Barbara Frum's legacy — she 'never lost her cool'
David Frum talks about his mom's legacy as one of As It Happens' most beloved hosts
To her son David Frum, the legendary As It Happens host was a journalist with an abundance of energy — which she channelled into thoughtful, humorous and direct interviews during the show's original six-hour format.
Barabara Frum died in 1992 of chronic leukemia. She was 54. Her career spanned decades at the CBC, and her legacy continues as the voice that shaped As It Happens.
David Frum, senior editor at The Atlantic, spoke with current As It Happens host Carol Off about his mother's legacy in an interview for the show's 50th anniversary radio special.
Here is part of that conversation.
What does it feel like to be in here knowing that your mother's spirit, her legacy, lives in this room, in this show?
It's always a little spooky to talk about her. I am today four years older than she was when she died. And of course the studio is blocks away from the studio where she recorded her interviews, in much shabbier premises.
What was your mom like at home?
This is something I did not know exactly at the time that it occurred, but she got the diagnosis of her illness in 1974, so three years into the program. And she lived for 17 more years.
But she did not get a diagnosis: "You have 17 years to live." She got a diagnosis: "You have two years to live" — eight times.
I didn't know, many people in the CBC didn't know, until well into her her sickness. She hid it so well. She was very private. But even the people she worked with, she never let on. Her energy never flagged. We never saw this.
She was amazing. She would crash at the end of the day. It would be like going off the energy cliff. She would just be wiped out.
I remember some journalist got hold of the news somehow and wanted to make a little gossip item … and I remember my father telephoned him.
My father said to him, "Why are you going to print this? The children don't know. Do you really want them to learn it from the newspaper?"
The journalist was prevailed on not to print the story.
It's marginally better now, but as a national broadcaster, I think your mom Barbara Frum had to deal with sexism all the time.
There is one, the most egregious and it's the one I'm sure you remember, when she and Dick Beddoes were speaking with the owner of the Toronto Maple Leafs, Harold Ballard, back in 1979. It starts off friendly and goes downhill fast. What do you hear in your mom's voice there?
She is conscious she's running a show and one of the things that was true of her is she ... did not lose her cool.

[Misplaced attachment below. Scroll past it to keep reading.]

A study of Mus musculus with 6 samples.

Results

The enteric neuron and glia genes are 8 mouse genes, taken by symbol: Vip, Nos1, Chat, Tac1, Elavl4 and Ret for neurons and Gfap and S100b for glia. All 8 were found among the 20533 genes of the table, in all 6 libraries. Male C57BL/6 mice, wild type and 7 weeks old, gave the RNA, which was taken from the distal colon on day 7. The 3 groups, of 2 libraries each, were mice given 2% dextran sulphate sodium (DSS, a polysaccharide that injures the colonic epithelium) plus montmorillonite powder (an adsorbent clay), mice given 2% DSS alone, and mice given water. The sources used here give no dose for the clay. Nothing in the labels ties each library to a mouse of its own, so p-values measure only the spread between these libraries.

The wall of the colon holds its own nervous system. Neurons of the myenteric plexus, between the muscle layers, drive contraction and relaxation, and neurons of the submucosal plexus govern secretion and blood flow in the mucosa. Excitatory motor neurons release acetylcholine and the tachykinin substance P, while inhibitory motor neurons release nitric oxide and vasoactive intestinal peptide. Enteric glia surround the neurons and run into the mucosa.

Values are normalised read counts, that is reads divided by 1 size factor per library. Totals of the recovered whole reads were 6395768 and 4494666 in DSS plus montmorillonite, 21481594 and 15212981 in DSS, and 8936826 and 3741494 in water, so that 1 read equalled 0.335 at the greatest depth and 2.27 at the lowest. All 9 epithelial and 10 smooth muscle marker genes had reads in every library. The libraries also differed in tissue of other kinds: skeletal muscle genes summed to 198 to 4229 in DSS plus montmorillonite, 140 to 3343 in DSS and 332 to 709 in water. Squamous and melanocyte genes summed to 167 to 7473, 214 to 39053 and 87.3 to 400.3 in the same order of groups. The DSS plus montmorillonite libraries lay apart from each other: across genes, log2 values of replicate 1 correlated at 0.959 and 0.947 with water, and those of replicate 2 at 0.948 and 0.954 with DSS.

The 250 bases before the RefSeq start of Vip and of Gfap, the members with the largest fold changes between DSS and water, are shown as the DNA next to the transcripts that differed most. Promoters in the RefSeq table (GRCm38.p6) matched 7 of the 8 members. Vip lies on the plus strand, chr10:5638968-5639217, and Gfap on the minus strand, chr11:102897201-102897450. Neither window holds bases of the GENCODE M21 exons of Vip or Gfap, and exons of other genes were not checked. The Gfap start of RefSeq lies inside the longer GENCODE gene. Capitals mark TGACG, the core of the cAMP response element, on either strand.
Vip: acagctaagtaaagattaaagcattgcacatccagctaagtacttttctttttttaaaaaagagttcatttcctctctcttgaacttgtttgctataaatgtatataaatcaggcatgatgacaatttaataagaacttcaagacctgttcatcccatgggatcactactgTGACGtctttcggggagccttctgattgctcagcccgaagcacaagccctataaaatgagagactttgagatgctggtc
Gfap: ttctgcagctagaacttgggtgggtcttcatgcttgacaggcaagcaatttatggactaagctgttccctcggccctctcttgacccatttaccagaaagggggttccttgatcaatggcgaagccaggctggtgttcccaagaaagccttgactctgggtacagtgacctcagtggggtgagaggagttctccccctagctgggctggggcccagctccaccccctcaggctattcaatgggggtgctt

The whole reason she was on the radio rather than television was because of assumptions at the time about what a woman had to look like. And she was explicit about this.
There's a profile of her in the Toronto Star in about 1969 — which I remember, as a framed copy of it hung in my grandmother's house so I read it dozens, maybe hundreds of times — where she would talk about how CBC executives had explicitly said she did not have the right look for television.
We talked earlier about your mom's illness and how that showed or not showed on the program. There's just one clip that want to play for you. I think it's revealing in many ways. ... She is speaking with Terry Fox in 1980 after his Marathon of Hope was cut short.
I don't know there'd be an interviewer in the world today who, with the same health as my mother had, would have gone through that interview and not mentioned it. And that's partly a change in cultural style, but it's also an individual choice.
I know she thought about Terry Fox a lot and I know that sense of marathoning through a landscape with an uncertain ending — that very much resonated with her.
She cared a lot about her institutional legacy in broadcasting. She cared a lot about opening doors for women. She cared a lot about her family legacy and making sure that my sister and I were happy and established.
She ultimately would have six grandchildren. She only met one of them very briefly. If she had made it … she'd be 81. The six grandchildren would be her favourite legacy.
Written by Sarah Jackson. Produced by Kate Swoger. Q&A has been edited for length and clarity.